Sunday 4 December 2016

Football investment firm scores with €45m deal

Simon Rowe

Published 27/11/2016 | 02:30

Footballer Joao Mario
Footballer Joao Mario

Irish-based sports management firm Quality Football Ireland is set for a €7.5m windfall following a high-profile deal to sell top Portuguese midfielder Joao Mario to Italian giants Inter Milan, it is understood.


Sporting Lisbon is due to receive €37.5m and Quality Football Ireland (QFIL) will receive €7.5m as part of the deal agreed in late August.

QFIL acquired a portion - thought to be about 20pc - of the economic rights of Joao Mario in 2012.

The 23-year-old midfielder was a key figure in Portugal's Euro 2016 triumph in France.

Established in 2011, the firm has a registered office at an accountancy firm in Clanwilliam Square, Dublin.

In recently filed accounts, QFIL says: "The company operates in one principal activity, that of the acquisition of Economic Rights Participation Agreements with certain professional football clubs whereby the company acquires a portion of the economic rights of the clubs in relation to one or more professional football players under contract with the clubs."

Typically, QFIL buys a share in the rights to young players and this investment entitles them to a cut of the funds from any future transfer fees.

QFIL also has links to Gestifute International, an Irish-based company controlled by football super agent Jorge Mendes, who represents Real Madrid star Cristiano Ronaldo, Manchester United manager Jose Mourinho and Valencia winger Nani.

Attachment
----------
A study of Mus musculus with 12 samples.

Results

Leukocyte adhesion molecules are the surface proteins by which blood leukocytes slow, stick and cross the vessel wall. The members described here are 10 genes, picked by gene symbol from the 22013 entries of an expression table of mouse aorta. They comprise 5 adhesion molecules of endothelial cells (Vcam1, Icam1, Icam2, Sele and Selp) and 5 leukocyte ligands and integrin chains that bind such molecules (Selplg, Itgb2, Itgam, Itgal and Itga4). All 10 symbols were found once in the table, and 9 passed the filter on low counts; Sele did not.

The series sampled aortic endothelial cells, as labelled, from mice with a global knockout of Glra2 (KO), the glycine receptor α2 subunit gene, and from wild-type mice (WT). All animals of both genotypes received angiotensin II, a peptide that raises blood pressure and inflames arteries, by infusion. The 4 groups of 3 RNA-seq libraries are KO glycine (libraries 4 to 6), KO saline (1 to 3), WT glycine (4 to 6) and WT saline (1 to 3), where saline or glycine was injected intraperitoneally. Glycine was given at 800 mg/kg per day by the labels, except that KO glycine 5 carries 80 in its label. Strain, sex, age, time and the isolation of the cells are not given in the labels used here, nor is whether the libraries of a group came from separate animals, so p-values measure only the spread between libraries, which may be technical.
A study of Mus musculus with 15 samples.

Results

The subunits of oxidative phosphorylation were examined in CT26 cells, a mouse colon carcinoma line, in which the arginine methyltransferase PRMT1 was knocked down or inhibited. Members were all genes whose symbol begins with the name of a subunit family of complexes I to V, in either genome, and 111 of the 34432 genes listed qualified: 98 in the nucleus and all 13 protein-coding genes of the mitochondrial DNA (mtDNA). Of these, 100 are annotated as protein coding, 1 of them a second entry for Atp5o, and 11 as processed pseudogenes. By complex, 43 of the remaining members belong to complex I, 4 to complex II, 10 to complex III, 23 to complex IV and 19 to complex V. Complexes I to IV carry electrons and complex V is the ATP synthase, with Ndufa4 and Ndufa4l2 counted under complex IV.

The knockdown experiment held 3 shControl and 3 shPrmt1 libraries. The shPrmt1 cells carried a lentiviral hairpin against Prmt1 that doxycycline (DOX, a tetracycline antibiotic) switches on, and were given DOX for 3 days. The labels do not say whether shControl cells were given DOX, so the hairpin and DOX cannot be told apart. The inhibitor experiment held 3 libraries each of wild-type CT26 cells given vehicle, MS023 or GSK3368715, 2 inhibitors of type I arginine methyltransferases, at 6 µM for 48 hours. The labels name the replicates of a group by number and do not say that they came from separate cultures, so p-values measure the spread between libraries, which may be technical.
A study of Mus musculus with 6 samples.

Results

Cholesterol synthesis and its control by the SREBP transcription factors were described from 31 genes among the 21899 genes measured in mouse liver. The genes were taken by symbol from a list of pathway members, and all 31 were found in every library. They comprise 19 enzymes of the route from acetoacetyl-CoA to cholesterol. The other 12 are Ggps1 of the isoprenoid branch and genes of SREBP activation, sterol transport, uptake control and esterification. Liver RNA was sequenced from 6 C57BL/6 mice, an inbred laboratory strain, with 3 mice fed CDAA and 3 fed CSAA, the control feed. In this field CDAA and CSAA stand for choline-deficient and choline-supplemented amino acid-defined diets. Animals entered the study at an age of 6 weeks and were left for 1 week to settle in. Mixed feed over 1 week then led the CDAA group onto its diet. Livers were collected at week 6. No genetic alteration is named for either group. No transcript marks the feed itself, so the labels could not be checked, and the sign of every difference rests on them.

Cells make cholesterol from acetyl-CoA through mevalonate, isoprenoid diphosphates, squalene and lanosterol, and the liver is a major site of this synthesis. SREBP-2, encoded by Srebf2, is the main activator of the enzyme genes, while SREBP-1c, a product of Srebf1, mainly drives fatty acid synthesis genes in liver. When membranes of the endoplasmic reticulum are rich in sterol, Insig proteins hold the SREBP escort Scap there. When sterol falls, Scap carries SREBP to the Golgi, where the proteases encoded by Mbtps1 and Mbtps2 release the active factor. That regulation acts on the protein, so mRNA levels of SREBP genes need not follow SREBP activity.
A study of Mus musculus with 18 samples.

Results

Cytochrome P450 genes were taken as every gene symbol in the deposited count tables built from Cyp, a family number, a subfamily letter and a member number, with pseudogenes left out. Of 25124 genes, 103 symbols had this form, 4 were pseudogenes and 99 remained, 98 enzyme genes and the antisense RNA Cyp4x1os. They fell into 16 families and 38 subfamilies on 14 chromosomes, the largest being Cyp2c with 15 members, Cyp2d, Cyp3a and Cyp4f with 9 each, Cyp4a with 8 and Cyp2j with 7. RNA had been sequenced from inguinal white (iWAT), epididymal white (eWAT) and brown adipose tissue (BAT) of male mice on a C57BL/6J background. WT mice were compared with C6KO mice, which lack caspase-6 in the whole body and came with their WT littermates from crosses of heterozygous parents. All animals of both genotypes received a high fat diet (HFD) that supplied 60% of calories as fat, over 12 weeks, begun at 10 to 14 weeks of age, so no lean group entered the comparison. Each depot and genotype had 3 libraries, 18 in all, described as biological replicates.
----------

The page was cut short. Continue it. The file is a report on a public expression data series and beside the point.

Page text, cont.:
A global ban on third-party ownership of players was introduced by Fifa in 2015.

However, it is entirely legal for the likes of agents and investors such as QFIL to buy shares in a club, with a view to cashing in with a cut of transfer fees netted by the club, or providing a loan to a club and being repaid plus interest from sell-on fees; and acting as an agent in order to receive a cut from sell-on fees as commission.

It is understood that this is how many QFIL deals were structured.

Ireland's three third-party ownership football funds, which have held stakes in the economic rights of players at Sporting Lisbon and Atletico Madrid, still hold more than €23m in investments.

The funds, including Quality Football Ireland, were established in 2011 to buy the economic rights of up-and-coming players.

Recently filed accounts for Quality Football Ireland show it had €5.95m in investments at the end of 2015, unchanged from the previous year.

Related companies Quality Football Ireland IV and Burnaby Investments Ireland had player assets of €13m and €4.15m respectively, both unchanged from 2014.